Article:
Head in the clouds

Mary Grace Reynolds steps into the pastor role at Madison Valley Presbyterian

Mary Grace Reynolds’ cat’s name is Thomas Jefferson.

“He’s currently sleeping in the chair that is for other people to sit in, and I’m trying to find a way to discourage him from doing that,” Reynolds said during her first day as Madison Valley Presbyterian Church’s new pastor.

Thomas Jefferson was a rehome cat—one she found on Facebook from a family with a toddler who did not get along with the cat. The toddler could only pronounce the name Tom and when she adopted him, Reynolds decided his full name would be in tribute to our third president. She also has a cat named after the wife of our fourth president, Dolley Madison.

“When I was in high school, I just really took to my AP U.S. History teacher and I loved U.S. History,” Reynolds said. That class was everything to her at the time, she said, and her teacher was phenomenal. He instilled the love for history in his students and was an excellent enough teacher that most students in the history class in Kingsport, Tenn. flew by the national exam with a four or five.

Another influential figure came in the form of her Western Civilization instructor during college in Knoxville. As a Political Science major and History minor, Western Civ was required. Reynolds had the intention to stick with U.S. History classes, as that was her passion since that class in high school, but she fell in love with the Western Civ instructor’s teaching style. Through that class—the instructor’s jam was reformation history—and the Presbyterian Campus Ministry, Reynolds started to develop an interest in theology and scripture.

As the end of her undergrad career drew near, Reynolds anticipated getting a master’s in public administration. Her direction started to change as she noticed the feedback on her case studies was similar—she was too idealistic.

“There’s really no great way to say that,” Reynolds laughed. “I realized I wasn’t going to be the type of person who can make the sort of really tough calls that bureaucrats and politicians sometimes have to make.”

“I wanted to keep my head in the clouds a little longer,” she said.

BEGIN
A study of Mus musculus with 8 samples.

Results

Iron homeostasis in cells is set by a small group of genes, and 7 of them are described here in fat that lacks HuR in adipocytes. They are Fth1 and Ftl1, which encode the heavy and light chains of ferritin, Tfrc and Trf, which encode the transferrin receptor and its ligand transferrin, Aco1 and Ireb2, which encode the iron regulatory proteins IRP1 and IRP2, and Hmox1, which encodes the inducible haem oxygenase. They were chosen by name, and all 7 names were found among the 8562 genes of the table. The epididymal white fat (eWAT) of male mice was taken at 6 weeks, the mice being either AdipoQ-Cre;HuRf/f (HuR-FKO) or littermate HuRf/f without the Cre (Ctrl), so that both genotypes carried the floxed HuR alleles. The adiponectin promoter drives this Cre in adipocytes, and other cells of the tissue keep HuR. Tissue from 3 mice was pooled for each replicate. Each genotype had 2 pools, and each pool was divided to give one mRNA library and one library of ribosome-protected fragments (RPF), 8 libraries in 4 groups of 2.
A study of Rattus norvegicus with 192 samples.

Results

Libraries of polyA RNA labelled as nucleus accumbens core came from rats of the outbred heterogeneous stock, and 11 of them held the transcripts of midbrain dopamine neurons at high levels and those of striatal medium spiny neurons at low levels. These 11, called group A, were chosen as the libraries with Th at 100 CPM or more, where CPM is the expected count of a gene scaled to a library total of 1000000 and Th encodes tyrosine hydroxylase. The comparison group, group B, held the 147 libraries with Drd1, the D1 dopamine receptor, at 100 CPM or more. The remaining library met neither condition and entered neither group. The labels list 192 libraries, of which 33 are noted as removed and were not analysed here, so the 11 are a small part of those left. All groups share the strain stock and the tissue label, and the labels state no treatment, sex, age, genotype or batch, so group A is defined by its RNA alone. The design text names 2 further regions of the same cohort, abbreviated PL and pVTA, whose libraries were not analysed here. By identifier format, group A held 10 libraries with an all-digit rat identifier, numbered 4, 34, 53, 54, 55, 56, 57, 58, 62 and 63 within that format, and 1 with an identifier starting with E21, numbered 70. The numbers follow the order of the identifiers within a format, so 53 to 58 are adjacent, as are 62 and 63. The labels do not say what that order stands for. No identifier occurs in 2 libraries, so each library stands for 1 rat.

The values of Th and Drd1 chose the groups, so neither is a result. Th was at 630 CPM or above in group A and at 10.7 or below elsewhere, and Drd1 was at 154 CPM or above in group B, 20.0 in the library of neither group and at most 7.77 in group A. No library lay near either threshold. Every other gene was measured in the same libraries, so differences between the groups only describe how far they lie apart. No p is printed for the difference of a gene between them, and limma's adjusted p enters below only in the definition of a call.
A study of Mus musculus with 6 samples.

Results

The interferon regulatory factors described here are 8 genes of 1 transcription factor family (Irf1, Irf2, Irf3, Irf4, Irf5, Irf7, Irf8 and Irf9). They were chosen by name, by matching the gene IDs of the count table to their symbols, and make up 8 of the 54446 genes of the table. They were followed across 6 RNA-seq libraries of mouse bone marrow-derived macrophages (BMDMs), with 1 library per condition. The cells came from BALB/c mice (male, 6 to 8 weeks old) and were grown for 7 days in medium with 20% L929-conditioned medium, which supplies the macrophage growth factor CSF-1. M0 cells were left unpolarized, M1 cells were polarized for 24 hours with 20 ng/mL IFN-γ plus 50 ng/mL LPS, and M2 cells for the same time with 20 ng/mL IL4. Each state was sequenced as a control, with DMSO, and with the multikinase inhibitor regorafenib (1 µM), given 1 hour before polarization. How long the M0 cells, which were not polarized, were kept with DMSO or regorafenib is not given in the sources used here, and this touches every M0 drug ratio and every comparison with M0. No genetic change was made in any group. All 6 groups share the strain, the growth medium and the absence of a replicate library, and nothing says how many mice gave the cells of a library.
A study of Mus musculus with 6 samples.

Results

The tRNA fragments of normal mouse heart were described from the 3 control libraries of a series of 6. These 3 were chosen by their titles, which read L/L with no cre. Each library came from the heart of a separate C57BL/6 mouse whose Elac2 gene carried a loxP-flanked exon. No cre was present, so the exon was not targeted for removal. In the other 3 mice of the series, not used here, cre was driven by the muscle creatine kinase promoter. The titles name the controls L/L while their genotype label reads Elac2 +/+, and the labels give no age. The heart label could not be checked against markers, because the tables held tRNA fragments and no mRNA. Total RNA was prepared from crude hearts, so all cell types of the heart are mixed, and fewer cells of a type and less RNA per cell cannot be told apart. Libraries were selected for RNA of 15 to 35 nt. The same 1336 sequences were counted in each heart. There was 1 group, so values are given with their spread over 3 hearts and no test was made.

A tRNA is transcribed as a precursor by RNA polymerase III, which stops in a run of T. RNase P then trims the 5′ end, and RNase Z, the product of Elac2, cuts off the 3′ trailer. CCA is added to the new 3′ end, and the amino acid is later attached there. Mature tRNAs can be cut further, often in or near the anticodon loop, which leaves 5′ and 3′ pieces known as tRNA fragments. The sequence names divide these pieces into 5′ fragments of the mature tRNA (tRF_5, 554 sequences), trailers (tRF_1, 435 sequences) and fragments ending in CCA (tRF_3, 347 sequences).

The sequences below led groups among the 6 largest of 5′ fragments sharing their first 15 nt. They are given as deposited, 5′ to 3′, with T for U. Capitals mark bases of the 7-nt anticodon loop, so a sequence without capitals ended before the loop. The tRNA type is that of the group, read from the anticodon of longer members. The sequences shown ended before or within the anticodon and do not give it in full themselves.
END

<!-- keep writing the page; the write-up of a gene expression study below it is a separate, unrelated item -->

In 2018, Reynolds went to seminary in Richmond, Va. and got her 87 credits done in three years, using summer and winter sessions to meet those ends. Covid got in the way during her second year and complicated some of her internship experiences. Instead of the way one tends to think about internships, Reynolds learned more about what was not going to work for her than what was. Namely, large congregations were not for her.

Reynolds had visited and vacationed in Ennis before, “And just never quit thinking about it,” she said. She perused through the Yellowstone Presbytery job openings a couple of years ago and was not seeing a lot of options. She put out a few more feelers in February and found an opening in Ennis. “My jaw kind of dropped and I was like, no way,” she said after finding what appeared to be the perfect fit.

She got an interview, got the job and drove from Richmond to Montana with a friend from seminary. The pair visited Yellowstone together and Reynolds got to stand in the Madison River for the first time.

“Standing in the river and I was like, oh my gosh my entire personality is going to become this river. And now all I think about is how bad I kind of want to be on that river in a kayak,” Reynolds said.

This first-time pastor is thrilled to be living in Ennis. Sentiments about the town that came to mind as she described her feelings were ‘enamored’ and ‘in love.’ The move from the south was not as jarring as she expected it to be, but she is noticing the difference in social lives between the city and a small Montana town.

“I’m used to sort of a burgeoning social life and being able to walk out of my apartment and be on a city street around people my age and places where I can sort of easily mingle,” she said.

It comes down to perspective and expectations, though. At 26, Reynolds said just about every pastor knows that congregations are aging and would not take up the mantle if they were not interested in working with people older than themselves. Reynolds described herself as an old soul. “I sort of think there’s nothing nicer than a good cup of coffee early in the morning and quietness and sort of taking life a bit slower than you can on the east coast,” she said.

Reynolds’ first sermon at Madison Valley Presbyterian is on Father’s Day. She tries to have three sessions with her sermon material before presenting it to a congregation.

The first involves reading and familiarizing herself with the scripture of focus for a particular Sunday, then she dives into research. Then, she investigates who may have written the text, what the world looked like when it was written, what language it was written in, and what contemporary adaptations of the text exist. At last, she outlines and writes a draft.

Anyone with a history or liberal arts background looks at that method and feels at home.

Reynolds did not think she would end up being a pastor. It was not what she went into college planning on. Despite vacationing in Ennis, she did not think she would end up living in a fly-fishing town filled with people who love their river.

“I kind of haven’t stopped smiling since I’ve been here,” she said.

This story was corrected on 6/16/21 to note that Reynolds went to high school in Kingsport, Tenn., not Knoxville.